On Tuesday, 80 House members unveiled a new immigration amnesty proposal. The bill, written by Illinois congressman Luis Gutierrez, would put illegals on the road to citizenship.
The Gutierrez bill is too permissive to get very far: It grants amnesty to any employed illegal alien provided the alien has not been convicted of a crime and pays a $500 fine. But that’s just an overture to the big action in 2010. Homeland Security Secretary Janet Napolitano has pledged to deliver an administration amnesty bill in the new year.
It’s not hard to guess what that bill will look like. It will contain all kinds of tough-sounding but unenforceable provisions: background checks to catch crooks and scofflaws; civics lessons to instill Americanism in this generation’s Hyman Kaplans; touchbacks to compel aliens to return briefly home before receiving their new residency permits. But the bottom line will be exactly the same as the Gutierrez bill: Almost all illegal aliens currently in the country will be invited to stay.
It’s remarkable: For all the intense controversy generated by immigration, the actual legislation that emerges from one Congress to another looks almost exactly the same. Obama’s bill will reiterate in almost every particular the Comprehensive Immigration Reform Act of 2006, which in turn recapitulated the Secure America and Orderly Immigration Act of 2005, and so on back through the archives to the Simpson-Mazzoli Act of 1986, which actually granted amnesty to some three million illegals.
These proposals inevitably combine three (sometimes four) main ideas:
(1) Amnesty (or the new favored euphemism: "earned citizenship");
(2) A provision that can be represented to voters as punishment for past violations of immigration laws, such as fines, "going to the back of the line" etc.;
(3) Promises of stricter enforcement of the laws;
(4) Sometimes a guest worker program.
But the punishments never amount to much and the stricter enforcement never materializes; only the amnesty is real. And that amnesty, in turn, invites more illegal immigrants across the border with hopes of benefiting from the next amnesty.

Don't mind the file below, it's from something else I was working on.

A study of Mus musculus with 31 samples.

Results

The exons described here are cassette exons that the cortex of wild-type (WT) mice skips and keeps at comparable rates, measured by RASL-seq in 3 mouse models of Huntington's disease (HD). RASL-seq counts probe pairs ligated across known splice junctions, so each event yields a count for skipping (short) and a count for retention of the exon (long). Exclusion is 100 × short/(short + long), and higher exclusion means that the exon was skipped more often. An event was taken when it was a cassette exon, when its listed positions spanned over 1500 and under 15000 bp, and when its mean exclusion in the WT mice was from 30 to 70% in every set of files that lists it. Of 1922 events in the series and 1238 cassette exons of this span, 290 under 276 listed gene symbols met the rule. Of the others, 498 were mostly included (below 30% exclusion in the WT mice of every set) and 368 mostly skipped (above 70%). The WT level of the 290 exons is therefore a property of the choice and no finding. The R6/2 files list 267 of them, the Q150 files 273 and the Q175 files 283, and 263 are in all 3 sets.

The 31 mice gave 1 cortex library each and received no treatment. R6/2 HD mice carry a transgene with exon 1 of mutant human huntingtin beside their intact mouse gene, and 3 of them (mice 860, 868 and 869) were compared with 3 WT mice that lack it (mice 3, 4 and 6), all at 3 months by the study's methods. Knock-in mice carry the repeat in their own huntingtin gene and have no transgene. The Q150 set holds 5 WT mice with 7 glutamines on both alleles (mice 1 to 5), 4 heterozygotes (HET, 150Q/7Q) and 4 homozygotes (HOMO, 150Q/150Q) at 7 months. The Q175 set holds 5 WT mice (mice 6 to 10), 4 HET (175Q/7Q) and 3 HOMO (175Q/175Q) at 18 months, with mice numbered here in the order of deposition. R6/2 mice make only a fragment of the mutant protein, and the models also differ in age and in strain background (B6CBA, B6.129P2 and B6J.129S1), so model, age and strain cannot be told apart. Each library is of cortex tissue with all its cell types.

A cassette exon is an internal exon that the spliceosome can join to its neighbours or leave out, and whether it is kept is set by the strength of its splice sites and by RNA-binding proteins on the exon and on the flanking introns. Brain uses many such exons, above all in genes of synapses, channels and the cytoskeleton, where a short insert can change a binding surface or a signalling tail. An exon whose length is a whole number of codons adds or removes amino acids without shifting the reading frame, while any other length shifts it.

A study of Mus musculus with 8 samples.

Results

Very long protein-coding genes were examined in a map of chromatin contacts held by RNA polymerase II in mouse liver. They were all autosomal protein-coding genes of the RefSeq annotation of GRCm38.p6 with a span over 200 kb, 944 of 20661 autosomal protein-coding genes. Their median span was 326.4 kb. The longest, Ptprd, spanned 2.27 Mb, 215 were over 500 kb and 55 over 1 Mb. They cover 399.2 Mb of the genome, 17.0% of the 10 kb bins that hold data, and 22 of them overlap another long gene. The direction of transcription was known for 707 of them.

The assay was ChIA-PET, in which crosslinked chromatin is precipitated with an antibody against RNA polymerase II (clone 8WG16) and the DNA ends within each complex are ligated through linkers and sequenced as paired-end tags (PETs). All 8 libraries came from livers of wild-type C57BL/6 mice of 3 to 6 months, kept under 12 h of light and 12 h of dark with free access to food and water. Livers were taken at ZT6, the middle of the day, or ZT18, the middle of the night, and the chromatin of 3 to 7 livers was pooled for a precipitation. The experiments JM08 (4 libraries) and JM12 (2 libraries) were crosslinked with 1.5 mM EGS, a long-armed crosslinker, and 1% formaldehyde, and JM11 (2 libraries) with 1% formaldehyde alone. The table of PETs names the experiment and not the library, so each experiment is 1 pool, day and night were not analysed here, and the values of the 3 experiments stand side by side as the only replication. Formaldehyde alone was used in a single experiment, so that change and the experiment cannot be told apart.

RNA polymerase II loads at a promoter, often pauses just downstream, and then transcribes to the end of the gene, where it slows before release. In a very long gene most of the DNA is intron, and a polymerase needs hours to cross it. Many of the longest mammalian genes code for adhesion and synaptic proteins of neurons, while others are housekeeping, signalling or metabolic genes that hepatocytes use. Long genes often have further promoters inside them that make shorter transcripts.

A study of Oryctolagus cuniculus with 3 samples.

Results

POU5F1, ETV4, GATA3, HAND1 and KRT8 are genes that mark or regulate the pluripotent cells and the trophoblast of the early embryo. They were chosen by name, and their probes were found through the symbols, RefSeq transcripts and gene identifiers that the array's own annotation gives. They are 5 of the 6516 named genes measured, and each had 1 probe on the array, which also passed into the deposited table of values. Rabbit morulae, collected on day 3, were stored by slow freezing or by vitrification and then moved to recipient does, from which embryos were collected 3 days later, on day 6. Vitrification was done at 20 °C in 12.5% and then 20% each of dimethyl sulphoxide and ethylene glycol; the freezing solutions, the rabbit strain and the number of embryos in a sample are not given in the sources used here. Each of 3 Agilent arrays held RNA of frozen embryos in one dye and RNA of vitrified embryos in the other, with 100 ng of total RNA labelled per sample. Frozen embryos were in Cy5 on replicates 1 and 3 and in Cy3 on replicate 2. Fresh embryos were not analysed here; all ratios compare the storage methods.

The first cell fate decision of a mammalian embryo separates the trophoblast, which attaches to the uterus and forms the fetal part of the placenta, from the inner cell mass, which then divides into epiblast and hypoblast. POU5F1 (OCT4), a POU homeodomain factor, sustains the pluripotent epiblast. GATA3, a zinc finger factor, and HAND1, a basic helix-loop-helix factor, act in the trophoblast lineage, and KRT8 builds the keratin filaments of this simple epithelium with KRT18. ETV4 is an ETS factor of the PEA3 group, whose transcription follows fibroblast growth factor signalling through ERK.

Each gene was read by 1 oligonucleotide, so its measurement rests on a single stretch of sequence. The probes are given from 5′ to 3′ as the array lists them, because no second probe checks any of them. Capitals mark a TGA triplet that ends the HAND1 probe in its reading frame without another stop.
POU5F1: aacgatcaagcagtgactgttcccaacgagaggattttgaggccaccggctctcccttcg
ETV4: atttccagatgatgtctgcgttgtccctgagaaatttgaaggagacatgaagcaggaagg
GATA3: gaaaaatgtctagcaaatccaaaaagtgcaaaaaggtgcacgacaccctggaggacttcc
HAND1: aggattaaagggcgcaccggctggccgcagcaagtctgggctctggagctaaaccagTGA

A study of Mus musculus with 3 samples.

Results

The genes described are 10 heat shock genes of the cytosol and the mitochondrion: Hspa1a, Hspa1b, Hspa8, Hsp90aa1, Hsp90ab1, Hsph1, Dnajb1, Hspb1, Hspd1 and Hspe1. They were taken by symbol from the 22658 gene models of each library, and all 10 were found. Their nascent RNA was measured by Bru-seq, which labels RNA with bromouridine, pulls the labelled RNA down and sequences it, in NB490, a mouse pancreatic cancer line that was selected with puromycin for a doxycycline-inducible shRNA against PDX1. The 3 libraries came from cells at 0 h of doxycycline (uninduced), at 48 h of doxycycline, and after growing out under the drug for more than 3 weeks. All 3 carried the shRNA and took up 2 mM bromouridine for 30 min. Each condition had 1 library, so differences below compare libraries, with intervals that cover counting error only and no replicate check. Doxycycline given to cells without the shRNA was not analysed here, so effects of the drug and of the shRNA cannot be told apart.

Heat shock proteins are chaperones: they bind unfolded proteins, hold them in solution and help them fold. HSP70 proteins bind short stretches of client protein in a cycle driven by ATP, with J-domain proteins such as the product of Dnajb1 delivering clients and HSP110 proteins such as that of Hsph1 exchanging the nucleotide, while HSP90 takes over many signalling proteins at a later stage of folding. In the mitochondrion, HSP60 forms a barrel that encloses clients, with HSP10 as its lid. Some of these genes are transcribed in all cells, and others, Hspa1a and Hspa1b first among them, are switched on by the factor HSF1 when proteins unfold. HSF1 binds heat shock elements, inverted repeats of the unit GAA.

Earlier this year, I joined a foundation-sponsored panel on immigration. Sure enough, our group dynamics quickly settled upon the four elements above. I dissented, and was challenged to propose an alternative. Here it is:
Okay, not literally nothing. Just nothing new.
The economic crisis that struck in 2008 has slowed the flow of new illegals and prompted many existing illegals to return home. The enrollment of Spanish-speaking students in U.S. schools has declined, day labor sites are emptying, even the audience for Spanish-language radio has abruptly plummeted.
By some estimates, the population of illegals may have shrunk by almost two million since 2007. Even if that estimate errs on the high side, the trends are clearly positive—and can be accelerated.
Electronic verification systems are spreading through the American workforce. Ten percent of employers now use them to document workers. In addition, local law enforcement officials are cooperating more closely with the new federal Immigration and Customs Enforcement Agency. In 2008, local police arrested more than 45,000 criminal aliens.
By making better policy in the future, we can buttress these gains. Federal stimulus spending does not require e-verification of work status. It could have and should have. The new health-care bill should prohibit illegals from purchasing insurance on new insurance exchanges—and require health-care providers who benefit from government money to verify the status of their workers.
By making illegal employment more difficult—and deportation more certain for criminal aliens—we can encourage current illegals to depart and discourage others from ever arriving.
Of course, enforcement will not reduce the illegal population to zero. Perhaps over half a decade we might drive the number down by a quarter, a third, conceivably even half—but unlikely more. What then?
That’s where the "nothing" part of the plan kicks in.
Those illegals who remain in the U.S. because they have formed deep attachments here —a stable job, home ownership, children—will remain exactly as they are now. They may legalize themselves through marriage or sponsorship by a citizen relative. Or the passage of time will remove them, as it removes us all, and their U.S.-born children will grow up as lawful citizens.
Yes, their lives will be uncertain—that’s the point. They signed up for that uncertainty, and the costs to society of alleviating that uncertainty are very great—including the creation of new incentives for further illegal migration.
If the Obama administration succeeds in enacting an amnesty, the illegal problem will revive and expand as soon as the economy recovers. If we do nothing—save enforcement—the illegal problem will dwindle over coming decades.
This is one of those rare occasions where statesmanship coincides with the classic advice to the risk-averse politician: Don’t just do something—stand there.